Researchers demonstrate advanced display technology


August 31, 2010

Researchers from the University of Michigan have unveiled a more efficient, brighter and higher definition display technology than that used in today's LCDs

Researchers from the University of Michigan have unveiled a more efficient, brighter and higher definition display technology than that used in today's LCDs


A traditional LCD display is made up of two layers of polarizers, a color filter sheet, and two layers of electrode-laced glass in addition to the liquid crystal layer. The new color filter cuts out a couple of extra layers by acting as a simultaneous polarizer. It's less than 200nm thick, and consists of a layer of Zinc Selenide sandwiched between two sheets of aluminum.

At precise intervals, tiny slits trap and transmit white backlight out through the structure. Different spacings essentially result in different wavelengths being caught. Gratings set at around 360 nanometers apart emit red light, those spaced at 270 nanometers emit green, and blue colored light comes from slits spaced about 225 nanometers apart.

The research team, led by Jay Guo, an associate professor in University of Michigan's Department of Macromolecular Science and Engineering, used the technique to produce a tiny University logo which is about a sixth the size of a human hair at 12 x 9 microns. OK, so it looks a little blurred in the photo, but that's because it has been magnified about 5,000 times.

The pixel size produced by the new filter is around eight times smaller than those on an iPhone 4 and "about an order of magnitude smaller than those on a typical computer screen," according to Guo. "Amazingly, we found that even a few slits can already produce well-defined color, which shows its potential for extremely high-resolution display and spectral imaging." Future uses for the technology include wearable or extremely compact displays as well as monitors and projectors.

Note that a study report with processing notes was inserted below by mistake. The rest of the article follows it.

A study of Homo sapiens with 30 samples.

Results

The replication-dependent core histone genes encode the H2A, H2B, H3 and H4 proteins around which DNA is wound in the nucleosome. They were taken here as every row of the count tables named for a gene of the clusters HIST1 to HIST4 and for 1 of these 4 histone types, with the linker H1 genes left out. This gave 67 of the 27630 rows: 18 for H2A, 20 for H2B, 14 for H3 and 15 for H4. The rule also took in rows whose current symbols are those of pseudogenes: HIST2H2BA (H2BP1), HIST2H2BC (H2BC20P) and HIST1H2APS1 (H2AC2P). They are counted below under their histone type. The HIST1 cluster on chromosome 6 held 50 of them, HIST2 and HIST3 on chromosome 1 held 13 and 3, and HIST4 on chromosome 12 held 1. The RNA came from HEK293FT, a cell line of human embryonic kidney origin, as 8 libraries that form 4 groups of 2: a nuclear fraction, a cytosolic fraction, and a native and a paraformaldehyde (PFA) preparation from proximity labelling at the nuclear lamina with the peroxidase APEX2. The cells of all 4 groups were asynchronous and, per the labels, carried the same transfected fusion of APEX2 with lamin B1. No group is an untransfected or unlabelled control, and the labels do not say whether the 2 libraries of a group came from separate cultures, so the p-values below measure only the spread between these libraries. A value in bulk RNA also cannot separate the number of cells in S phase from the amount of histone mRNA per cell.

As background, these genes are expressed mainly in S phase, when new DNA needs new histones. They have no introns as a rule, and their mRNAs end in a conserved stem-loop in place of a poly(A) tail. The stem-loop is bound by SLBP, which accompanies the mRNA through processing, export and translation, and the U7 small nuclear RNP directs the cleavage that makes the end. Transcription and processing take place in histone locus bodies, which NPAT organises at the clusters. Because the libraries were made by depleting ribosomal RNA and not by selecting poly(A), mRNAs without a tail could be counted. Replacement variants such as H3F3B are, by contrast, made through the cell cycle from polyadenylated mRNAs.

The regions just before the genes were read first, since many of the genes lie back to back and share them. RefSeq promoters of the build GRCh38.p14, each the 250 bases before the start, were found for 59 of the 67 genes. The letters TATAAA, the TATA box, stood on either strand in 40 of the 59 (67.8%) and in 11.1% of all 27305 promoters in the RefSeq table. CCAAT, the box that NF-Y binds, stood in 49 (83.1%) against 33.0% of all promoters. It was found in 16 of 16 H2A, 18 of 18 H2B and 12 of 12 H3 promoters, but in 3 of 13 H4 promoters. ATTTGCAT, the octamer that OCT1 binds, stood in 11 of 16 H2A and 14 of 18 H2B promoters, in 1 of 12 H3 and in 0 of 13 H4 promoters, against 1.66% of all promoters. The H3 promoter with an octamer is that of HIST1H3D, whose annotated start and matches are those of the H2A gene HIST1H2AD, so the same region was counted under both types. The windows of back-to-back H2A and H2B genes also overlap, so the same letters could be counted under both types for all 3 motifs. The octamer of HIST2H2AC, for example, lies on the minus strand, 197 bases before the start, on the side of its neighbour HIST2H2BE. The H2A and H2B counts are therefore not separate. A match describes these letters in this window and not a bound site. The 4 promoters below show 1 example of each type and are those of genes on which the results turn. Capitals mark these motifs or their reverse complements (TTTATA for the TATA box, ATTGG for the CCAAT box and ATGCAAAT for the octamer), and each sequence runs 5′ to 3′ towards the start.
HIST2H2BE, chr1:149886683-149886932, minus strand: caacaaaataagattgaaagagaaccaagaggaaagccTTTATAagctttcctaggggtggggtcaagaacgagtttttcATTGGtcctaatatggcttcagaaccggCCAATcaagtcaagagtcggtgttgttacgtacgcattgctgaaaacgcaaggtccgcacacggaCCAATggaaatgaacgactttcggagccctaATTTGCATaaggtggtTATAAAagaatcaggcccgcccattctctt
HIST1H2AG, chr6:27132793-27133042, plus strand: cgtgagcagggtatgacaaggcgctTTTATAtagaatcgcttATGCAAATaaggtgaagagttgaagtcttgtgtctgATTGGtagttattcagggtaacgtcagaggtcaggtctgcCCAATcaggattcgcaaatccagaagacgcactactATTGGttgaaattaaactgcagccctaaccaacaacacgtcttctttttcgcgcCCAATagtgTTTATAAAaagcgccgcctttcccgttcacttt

The university is currently looking at patenting the technique while the researchers look to make the technique production-ready, a task said to be made easier by the potential for simpler manufacturing processes.

Detailed information on the technology can be found in the research paper, entitled "Plasmonic nano-resonators for high resolution color filtering and spectral imaging", which has now been published in Nature Communication.


Finally we might see displays small enough and with sufficient resolution to be used in virtual reality glasses. An area of technology that has virtually stood still for a decade.

I also recall a tech idea where a super small display is mounted inside a mobile device. The user would then view the screen through a lens similar to the way you look through a monocular.

Imagine placing two of such tiny displays in each corner of a phone which could provide a high quality stereoscopic vision.

Imagine earplugs with two in-line micro displays. The piece of wire between them is more rigid and bendable so it can sit on your nose with only two small rectangles visible on front of the eyes.

Paul van Dinther

Further more on the article:

Given the fact that the \"M\" logo is 12 miron wide. That is 0.012mm for a single character!

I tried resizing the \"M\" example and in terms of pixels, a character with such detail would measure at least 64 px wide!

So that display has the potential to have a pixel pitch of 0.0001875! That means a 20\" wide screen can contain 270933px across!

Based on the 12 miron example I wonder why the article states that the pixel size on this display is only 8 times smaller that the pixel size on a IPhone display. According to my calculations the pixel size on this new display is closer to 412 times smaller not 8.

That is astonishing. I wonder if the quoted 12 micron for the entire \"M\" logo is correct.

Paul van Dinther

@Paul Van Dinther: I was also surprised to see them boast about 8x improvement. It sounds like it\'s better than that. What are your calculations where you get 412?